If you're in that majority and are looking for some extra motivation to save, here are six surprising ways an emergency fund can benefit you:
1. Ensure the security of your future (retired) self
One of the lesser-known benefits of having an emergency fund is that it can help protect your retirement savings by preventing you from borrowing from your future self.
The Prudential study found that an average of 1.5% of total assets in 401(k)/IRA accounts “leaked" out each year (due to early withdrawals) – but this small percentage of lost assets added up to 25% less wealth in retirement. So that means if you have to withdraw $5,000 from your retirement savings this year to fix your leaky roof, it might result in more than $83,000 that you won't have in the future when you want to retire. Taking an emergency loan from your retirement account is too costly and risky – even a small amount of money today might jeopardize your long-term retirement plans.
If you have no other choice but to take an early withdrawal from your retirement plan, there are smart ways to lessen the blow to your long-term retirement savings. Such as protecting your pre-tax and Roth after-tax contributions to preserve your tax-advantaged savings sources. To do this, consider making incremental after-tax (non-Roth) contributions into your plan, thereby building up a source of savings that is accessible in case of emergency.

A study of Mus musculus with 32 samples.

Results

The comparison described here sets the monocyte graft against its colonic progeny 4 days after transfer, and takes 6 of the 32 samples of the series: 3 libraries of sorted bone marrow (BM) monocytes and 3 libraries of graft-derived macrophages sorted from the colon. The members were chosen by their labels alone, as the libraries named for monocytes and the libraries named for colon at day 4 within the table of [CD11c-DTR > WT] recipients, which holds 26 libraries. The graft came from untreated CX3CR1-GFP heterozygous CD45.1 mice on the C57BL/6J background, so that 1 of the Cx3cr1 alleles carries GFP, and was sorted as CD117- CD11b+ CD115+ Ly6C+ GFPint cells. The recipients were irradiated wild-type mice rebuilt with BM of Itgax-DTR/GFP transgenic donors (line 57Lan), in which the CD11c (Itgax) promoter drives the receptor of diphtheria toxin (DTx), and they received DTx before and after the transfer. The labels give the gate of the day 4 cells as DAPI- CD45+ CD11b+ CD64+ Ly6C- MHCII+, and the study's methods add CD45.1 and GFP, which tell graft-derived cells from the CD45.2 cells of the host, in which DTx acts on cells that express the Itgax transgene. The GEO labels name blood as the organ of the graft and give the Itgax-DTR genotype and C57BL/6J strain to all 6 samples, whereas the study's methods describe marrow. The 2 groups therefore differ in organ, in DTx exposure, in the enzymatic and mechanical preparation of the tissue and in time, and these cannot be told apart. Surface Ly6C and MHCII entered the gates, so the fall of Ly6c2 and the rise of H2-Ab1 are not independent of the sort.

2. Be more successful and smile more
According to the Prudential survey, 30% of employees report that issues with their personal finances have been a distraction at work. Having an emergency fund helps you focus on your job instead of stress about paying your bills. Ironically, if you're not worrying about money all the time, you have more energy to concentrate on making more money! Saving for an emergency fund is an investment in your own productivity and career success. See if your employer offers any programs aimed at helping workers establish an emergency fund.
3. Protect your credit, save your sanity
If you already have a few months' worth of emergency savings in the bank, you don't have to put that home repair or car insurance deductible on your credit card. This can help you avoid the stress of maxing out your credit card or other lines of credit, or taking on high-interest debt such as a payday loan. The Prudential study found that 12 million Americans take out payday loans each year, accruing $9 billion in loan fees. High-interest debt can be a cancer on your finances; if you're not able to pay down the balance each month, it tends to get bigger as time goes by. This leads to a cascade of other money woes, such as late fees and hits to your credit score. Plus, being in debt can cause people to lose sleep, experience anxiety, and can undercut performance at work, as in #2. It's best to stay out of high-interest debt in the first place by "loaning yourself" money from your emergency fund.